3230C Newmark Civil Engineering Laboratory
3230C Newmark Civil Engineering Laboratory
Zhou Z.,University of Illinois at Urbana - Champaign |
Zhou Z.,National University of Singapore |
Raskin L.,University of Illinois at Urbana - Champaign |
Raskin L.,University of Michigan |
And 2 more authors.
Applied and Environmental Microbiology | Year: 2010
Current agricultural practices involve inclusion of antimicrobials in animal feed and result in manure containing antimicrobials and antimicrobial-resistant microorganisms. This work evaluated the effects of land application of swine manure on the levels of tetracycline, macrolide, and lincosamide antimicrobials and on macrolide, lincosamide, and streptogramin B (MLSB) resistance in field soil samples and laboratory soil batch tests. MLSB and tetracycline antimicrobials were quantified after solid-phase extraction using liquid chromatography-tandem mass spectrometry. The prevalence of the ribosomal modification responsible for MLSB resistance in the same samples was quantified using fluorescence in situ hybridization. Macrolide antimicrobials were not detected in soil samples, while tetracyclines were detected, suggesting that the latter compounds persist in soil. No significant differences in ribosomal methylation or presumed MLSB resistance were observed when amended and unamended field soils were compared, although a transient (<20-day) increase was observed in most batch tests. Clostridium cluster XIVa accounted for the largest fraction of resistant bacteria identified in amended soils. Overall, this study did not detect a persistent increase in the prevalence of MLSB resistance due to land application of treated swine manure. Copyright © 2010, American Society for Microbiology. All Rights Reserved.
Andrus J.M.,University of Illinois at Urbana - Champaign |
Andrus J.M.,Waterborne Environmental Inc. |
Porter M.D.,University of Illinois at Urbana - Champaign |
Porter M.D.,Environmental Resources Management Inc. |
And 7 more authors.
Microbial Ecology | Year: 2014
Denitrifying biofilters can remove agricultural nitrates from subsurface drainage, reducing nitrate pollution that contributes to coastal hypoxic zones. The performance and reliability of natural and engineered systems dependent upon microbially mediated processes, such as the denitrifying biofilters, can be affected by the spatial structure of their microbial communities. Furthermore, our understanding of the relationship between microbial community composition and function is influenced by the spatial distribution of samples. In this study we characterized the spatial structure of bacterial communities in a denitrifying biofilter in central Illinois. Bacterial communities were assessed using automated ribosomal intergenic spacer analysis for bacteria and terminal restriction fragment length polymorphism of nosZ for denitrifying bacteria. Non-metric multidimensional scaling and analysis of similarity (ANOSIM) analyses indicated that bacteria showed statistically significant spatial structure by depth and transect, while denitrifying bacteria did not exhibit significant spatial structure. For determination of spatial patterns, we developed a package of automated functions for the R statistical environment that allows directional analysis of microbial community composition data using either ANOSIM or Mantel statistics. Applying this package to the biofilter data, the flow path correlation range for the bacterial community was 6.4 m at the shallower, periodically inundated depth and 10.7 m at the deeper, continually submerged depth. These spatial structures suggest a strong influence of hydrology on the microbial community composition in these denitrifying biofilters. Understanding such spatial structure can also guide optimal sample collection strategies for microbial community analyses. © 2013 Springer Science+Business Media New York.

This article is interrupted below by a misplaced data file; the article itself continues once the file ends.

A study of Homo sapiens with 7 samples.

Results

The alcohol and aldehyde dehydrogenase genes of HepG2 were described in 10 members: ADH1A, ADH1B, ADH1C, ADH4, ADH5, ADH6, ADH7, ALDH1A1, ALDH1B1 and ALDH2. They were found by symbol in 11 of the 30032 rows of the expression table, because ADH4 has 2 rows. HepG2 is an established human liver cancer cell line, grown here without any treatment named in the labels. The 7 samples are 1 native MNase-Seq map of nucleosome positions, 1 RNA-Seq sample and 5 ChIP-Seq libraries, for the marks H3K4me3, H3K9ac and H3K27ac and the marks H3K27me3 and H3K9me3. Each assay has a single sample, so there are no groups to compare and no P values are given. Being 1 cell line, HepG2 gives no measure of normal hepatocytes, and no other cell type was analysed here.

Hutchison J.M.,3230C Newmark Civil Engineering Laboratory |
Poust S.K.,3230C Newmark Civil Engineering Laboratory |
Poust S.K.,Joint BioEnergy Institute |
Kumar M.,3230C Newmark Civil Engineering Laboratory |
And 5 more authors.
Environmental Science and Technology | Year: 2013
Existing methods for perchlorate remediation are hampered by the common co-occurrence of nitrate, which is structurally similar and a preferred electron acceptor. In this work, the potential for perchlorate removal using cell-free bacterial enzymes as biocatalysts was investigated using crude cell lysates and soluble protein fractions of Azospira oryzae PS, as well as soluble protein fractions encapsulated in lipid and polymer vesicles. The crude lysates showed activities between 41 700 to 54 400 U L-1 (2.49 to 3.06 U mg -1 total protein). Soluble protein fractions had activities of 15 400 to 29 900 U L-1 (1.70 to 1.97 U mg-1) and still retained an average of 58.2% of their original activity after 23 days of storage at 4 C under aerobic conditions. Perchlorate was removed by the soluble protein fraction at higher rates than nitrate. Importantly, perchlorate reduction occurred even in the presence of 500-fold excess nitrate. The soluble protein fraction retained its function after encapsulation in lipid or polymer vesicles, with activities of 13.8 to 70.7 U L-1, in agreement with theoretical calculations accounting for the volume limitation of the vesicles. Further, encapsulation mitigated enzyme inactivation by proteinase K. Enzyme-based technologies could prove effective at perchlorate removal from water cocontaminated with nitrate or sulfate. © 2013 American Chemical Society.